The Boiling Point

OPINION: We’re more safe, but we’re not more prepared



BOOM! A major earthquake has just shaken Los Angeles during school hours. Quick, what does the school want us to do?  Where are the earthquake supplies?

If you cannot answer either of those questions, that’s an issue. Every student should be able to answer emergency-related questions in a heartbeat. That doesn’t just mean how to line up during fire drills. It means where to hide if God-forbid an armed intruder storms into our school, or what to do if an earthquake hits.

To this point, however, students have not received any education pertaining to how to handle emergency situations, with the exception of a few fire drills.

It’s partly understandable.  It’s easy to feel safe at Shalhevet – safer than we’ve ever felt before.  The school has done an excellent job building security into the new building, from stronger gates and higher walls to phones in classrooms and a plethora of security cameras.  Most of all, the Boiling Point and everyone else have the utmost confidence, trust and respect for the security team led by Mr. Manny Fernandez.

But all students and all faculty still need some uniform, baseline knowledge of what to do if disaster strikes. A shooter could come during lunch when teachers are not in the classrooms.  An earthquake could strike after school when only co-curriculars are meeting.  Disaster preparedness has been shown to save lives from Fukushima, Japan, to the Boston Marathon. Without it, there could be total chaos and serious repercussions.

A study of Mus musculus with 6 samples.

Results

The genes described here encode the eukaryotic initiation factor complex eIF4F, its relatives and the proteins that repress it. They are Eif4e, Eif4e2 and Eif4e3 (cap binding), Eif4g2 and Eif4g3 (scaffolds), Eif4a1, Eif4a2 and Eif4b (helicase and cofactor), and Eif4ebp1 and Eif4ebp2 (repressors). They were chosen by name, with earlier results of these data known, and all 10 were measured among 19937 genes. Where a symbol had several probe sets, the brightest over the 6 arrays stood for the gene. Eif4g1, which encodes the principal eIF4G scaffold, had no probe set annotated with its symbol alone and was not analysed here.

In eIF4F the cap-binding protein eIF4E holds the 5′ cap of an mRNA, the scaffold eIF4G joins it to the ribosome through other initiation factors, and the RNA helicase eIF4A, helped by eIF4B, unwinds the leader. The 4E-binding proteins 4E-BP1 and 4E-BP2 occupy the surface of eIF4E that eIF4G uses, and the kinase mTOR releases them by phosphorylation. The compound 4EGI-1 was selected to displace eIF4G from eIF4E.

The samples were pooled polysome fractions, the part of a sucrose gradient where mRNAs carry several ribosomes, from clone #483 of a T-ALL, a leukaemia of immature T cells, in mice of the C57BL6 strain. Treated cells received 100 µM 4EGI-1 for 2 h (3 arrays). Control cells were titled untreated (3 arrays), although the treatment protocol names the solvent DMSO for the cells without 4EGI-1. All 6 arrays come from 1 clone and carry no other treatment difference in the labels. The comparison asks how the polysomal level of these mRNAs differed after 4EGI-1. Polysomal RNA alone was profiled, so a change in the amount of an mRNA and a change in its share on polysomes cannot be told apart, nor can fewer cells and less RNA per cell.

Our awesome security team can only do so much. At the end of the day, students should not be explaining to teachers how to lock classroom doors. We need to know how to hide if we are on the third floor where walls are all glass and there are no curtains to conceal ourselves from the outside.   

To many, this discussion may seem too theoretical. While it is true that no such scenario has ever occurred at our school or probably ever will, we should not take our fortune for granted. When it comes to security and the safety of everyone in the school, don’t assume anything. Hope for the best but prepare for the worst.

Security at our school has come a long way, that’s for sure. But it’s important for us to acknowledge the remaining holes and for all of us to be given the extra 20 to 30 minutes to fix them. A state-of-the-art building should have state-of-the-art preparedness, and not just for fire.